The Indonesian authorities have vowed to hunt down the killers of 31 construction workers who were building a major road in the restive Papua province.
The men were murdered in the remote mountainous district of Nduga, allegedly by members of the Free Papua Movement, reported the Associated Press.
Most of the victims were shot at their construction site, while seven attempted to hide at the residence of a local councillor before being tracked there and massacred.
The incident was described by Ryamizard Ryacudu, the defence minister, as one of the worst attacks in the country in recent years.
“They were not just criminals, but separatists,” he said of the perpetrators. “They want to separate Papua from Indonesia, so they must deal with the military, not the police. There will be no negotiations. They surrender or we finish them off.”
Indonesian President Joko Widodo, who faces an election next year, said on Wednesday that he had tasked the Indonesian Defence Forces and the National Police to find the killers.
“There is no place for armed criminal groups like this in the land of Papua as well as in every corner of the country," he stated. “I, on behalf of the people, nation, and state, convey deepest condolences to all families of the victims.”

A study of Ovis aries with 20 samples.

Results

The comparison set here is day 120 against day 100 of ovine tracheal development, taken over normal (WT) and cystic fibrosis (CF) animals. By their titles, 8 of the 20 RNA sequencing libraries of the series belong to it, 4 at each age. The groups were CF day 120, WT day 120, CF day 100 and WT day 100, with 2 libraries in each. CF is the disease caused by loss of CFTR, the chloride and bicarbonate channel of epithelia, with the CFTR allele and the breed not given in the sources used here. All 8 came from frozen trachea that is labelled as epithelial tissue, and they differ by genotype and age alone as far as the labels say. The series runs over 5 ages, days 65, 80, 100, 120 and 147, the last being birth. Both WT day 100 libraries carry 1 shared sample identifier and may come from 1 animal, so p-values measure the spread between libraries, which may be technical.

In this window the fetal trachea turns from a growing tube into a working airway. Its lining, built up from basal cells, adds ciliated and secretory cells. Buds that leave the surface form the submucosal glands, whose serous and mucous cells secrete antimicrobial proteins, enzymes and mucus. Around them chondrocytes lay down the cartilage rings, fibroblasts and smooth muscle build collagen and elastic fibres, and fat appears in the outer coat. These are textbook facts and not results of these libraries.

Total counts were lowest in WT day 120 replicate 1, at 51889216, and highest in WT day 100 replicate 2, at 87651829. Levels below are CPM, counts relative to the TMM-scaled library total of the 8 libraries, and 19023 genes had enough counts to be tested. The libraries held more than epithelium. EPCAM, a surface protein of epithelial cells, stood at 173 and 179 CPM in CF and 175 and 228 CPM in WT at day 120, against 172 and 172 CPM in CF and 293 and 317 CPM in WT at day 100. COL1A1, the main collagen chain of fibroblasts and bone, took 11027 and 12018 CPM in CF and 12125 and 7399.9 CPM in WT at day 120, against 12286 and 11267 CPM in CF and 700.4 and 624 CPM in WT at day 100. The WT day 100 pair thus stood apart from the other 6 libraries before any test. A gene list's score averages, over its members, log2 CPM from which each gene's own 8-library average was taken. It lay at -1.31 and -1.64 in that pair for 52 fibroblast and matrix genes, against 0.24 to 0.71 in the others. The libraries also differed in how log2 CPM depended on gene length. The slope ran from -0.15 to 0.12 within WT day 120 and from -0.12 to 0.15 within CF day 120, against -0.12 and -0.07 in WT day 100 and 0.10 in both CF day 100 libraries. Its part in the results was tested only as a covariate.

The workers had been employed by Istaka Karya, a state-owned construction company, and had been building one of 14 bridges along the new 173-mile-long highway when they were attacked. Their bodies have not yet been recovered.
At present, most parts of Papua, which is covered by dense jungle, are accessible only by air or on foot. Following the atrocity, all bridge construction in the region has been suspended.
Papua, located in the western half of New Guinea island, was annexed by Indonesia after a handover from Dutch colonialists in 1963. It was then incorporated into the country after a controversial 1969 UN-sanctioned plebiscite of tribal representatives, which was widely viewed as illegitimate.
Since then, it has had a long-running but low-profile separatist movement led by rebels in the Free Papua Movement.
They have in the past staged kidnappings and attacked government security personnel to gain international attention but rarely launched assaults on the scale seen at the weekend.
Papua, Indonesia’s largest province, is rich with minerals, oil and timber and home to the world’s largest gold mine. But it is also the country’s poorest region, with 28 per cent living below the poverty line and with some of the worst infant mortality and literacy rates in Asia.
Very few foreign journalists have been granted permission to enter, and the Indonesian authorities have been accused of widespread torture and abuse in an effort to quell its independence movement.